Pittsburgh Steelers defensive coordinator Dick Lebeau talked at length after practice on Thursday of Washington Redskins week about the task of stopping rookie phenom Robert Griffin III. Here is that transcript with the media:

"Pretty interesting athlete. He scorched everybody in college and he's doing a good job here in the NFL. Quite a challenge, he's a great athlete. He can run, and he's a much better athlete than most of those running-type quarterbacks. We'll have our hands full. We're looking forward to the challenge."

Do you know you're 13-1 coaching against rookie QBs since 2004?
"I didn't even know it until somebody told me that the other day. The only comment I have is I hope I'm 14-1 on Monday."

Do you spy him?
"I think you have to respect his athletic ability and his ability to run. He makes a lot of plays in that manner and he makes a lot of plays on designed runs for him. We've got to know where [number] 10 is but you know they've got a guy with 46 on his back who is leading their conference and second in the league in rushing, so you don't want to turn your back on that guy while you're looking at 10 all the time. That's one of the reasons they've got such a potent offense, they've got more than one guy. And the cast of characters around those two is strong. They're a good offense, no question about it, I think they're number five in the league."

How do you stop Griffin?
"We're going to try to get everything communicated and be where we're supposed to be, see what we're supposed to see and play clean hard football and chase the ball down because it's going to get out every now and then. Chase it down, tackle it, and play good consistent defense."

Does the threat of Griffin create space for his running back?
"Oh I think so, I think that's one thing you have to guard against. You can't get mesmerized by the stuff he might do and let the basic play, number 46 who's a tremendous runner himself, give him more room to go in there. And let's face it, as good as the quarterback is 46 is going to have the ball more than number 10. The simple fact is you have to defend both of them and anyone else they want to give the ball to. 36, the fullback, gets the ball on occasion and that's another step of deception if you will because they've got two top rushers and then this guy is coming in with a pretty healthy yards per carry, to. What we have to do is not any different from what we have to do every week, and that is we have to be on our keys, get communicated, get lined up, and play good defense."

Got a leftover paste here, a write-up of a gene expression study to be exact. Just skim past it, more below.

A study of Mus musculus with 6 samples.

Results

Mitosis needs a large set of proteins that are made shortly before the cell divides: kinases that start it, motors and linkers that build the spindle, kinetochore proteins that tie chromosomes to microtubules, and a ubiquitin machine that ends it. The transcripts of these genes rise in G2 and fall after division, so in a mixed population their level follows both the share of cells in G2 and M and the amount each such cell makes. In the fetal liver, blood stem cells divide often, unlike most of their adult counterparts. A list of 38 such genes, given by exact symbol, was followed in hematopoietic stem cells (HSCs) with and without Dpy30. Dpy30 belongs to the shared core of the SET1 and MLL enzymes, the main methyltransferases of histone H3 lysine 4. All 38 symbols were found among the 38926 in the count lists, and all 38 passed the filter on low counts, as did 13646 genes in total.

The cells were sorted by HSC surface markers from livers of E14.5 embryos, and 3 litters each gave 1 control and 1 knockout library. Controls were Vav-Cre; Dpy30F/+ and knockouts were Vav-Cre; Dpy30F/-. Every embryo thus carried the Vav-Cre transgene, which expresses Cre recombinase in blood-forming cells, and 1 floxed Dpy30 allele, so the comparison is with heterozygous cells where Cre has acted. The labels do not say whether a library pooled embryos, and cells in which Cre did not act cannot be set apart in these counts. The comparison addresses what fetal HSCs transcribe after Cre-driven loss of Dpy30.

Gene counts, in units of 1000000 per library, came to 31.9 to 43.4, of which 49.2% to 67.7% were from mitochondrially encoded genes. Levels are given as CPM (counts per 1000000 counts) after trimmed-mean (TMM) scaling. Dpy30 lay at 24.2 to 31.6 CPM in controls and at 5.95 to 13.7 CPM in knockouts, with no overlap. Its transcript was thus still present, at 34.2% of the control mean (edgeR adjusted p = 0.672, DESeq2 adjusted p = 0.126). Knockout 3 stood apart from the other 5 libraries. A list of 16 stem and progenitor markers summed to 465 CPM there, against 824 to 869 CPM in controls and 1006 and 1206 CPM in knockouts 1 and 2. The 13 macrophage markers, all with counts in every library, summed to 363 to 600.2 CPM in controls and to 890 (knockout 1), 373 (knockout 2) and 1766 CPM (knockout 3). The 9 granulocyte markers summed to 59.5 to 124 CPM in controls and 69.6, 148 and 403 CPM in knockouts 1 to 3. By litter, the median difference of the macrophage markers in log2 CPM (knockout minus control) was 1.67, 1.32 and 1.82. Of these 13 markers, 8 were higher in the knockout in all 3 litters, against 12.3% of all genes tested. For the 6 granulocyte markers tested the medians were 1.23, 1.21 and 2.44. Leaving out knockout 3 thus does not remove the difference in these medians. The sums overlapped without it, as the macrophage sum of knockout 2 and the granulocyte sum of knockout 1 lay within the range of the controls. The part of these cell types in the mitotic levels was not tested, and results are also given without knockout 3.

Do you attack or try to wait it out and react?
"Yes, that's what you do. Didn't you ever hear that answer before? When somebody asks 'Is it black or is it white?,' that's what it is, that's what we're doing."

Have you seen anyone like him?
"Oh, I think he's very rare, I really do. I think his numbers indicate that, what he was able to do at a major university. But what I find kind of interesting is there are five of those young men who are starting in the National Football League and they're all five very productive good football players right away. I think it's a testament to the style of football that colleges are running now, the type of athlete that is playing quarterback and getting all of those snaps and open field looks all the time. It's not such a transition coming to the pros. These guys have proven that the younger guys can play quicker and be productive quicker. He's probably as good as anyone I've seen that's a combination of running and passing. Vick was tremendous, I don't know if you're going to say he was better than Vick but you're talking about the cream of the crop there."

How unfamiliar is the offense that they run?
"Fortunately we're far enough into the season that we have a pretty good look at that part of it. Their coach is a genius and he's never going to show you the same thing two weeks in a row. But he's still going to run the same plays. The formations may be different, the people may be different, but the plays you've got to stop may be repeating. We do have that. I'm glad we're not playing them in the first game. We've got some idea of what they're going to do but we're not sure what they're going to do it from. It's still defense, taking your key, having everybody on the same page, and have everybody playing hard. We've got to do that every week no matter who the quarterback is."

Is there a danger in defenders getting caught looking in the backfield?
"Well, fortunately defensively we shouldn't be looking in the backfield that much and your keys won't change from week to week. Your gap responsibility is not going to change from week to week. What you've got to look at to get where you've got to get is not going to change. Now, what changes when you've got a world class athlete that can keep the ball and outrun some of your defensemen that's something that you've just got to give credit to them and chase the ball, tackle their tail, and get up and play the next down. We don't have to look in the backfield, if we do we're in trouble."

Why do they do all that hocus-pocus then?
"Unfortunately, every player doesn't do what their coach tells them to do. They look in the backfield and they get lost."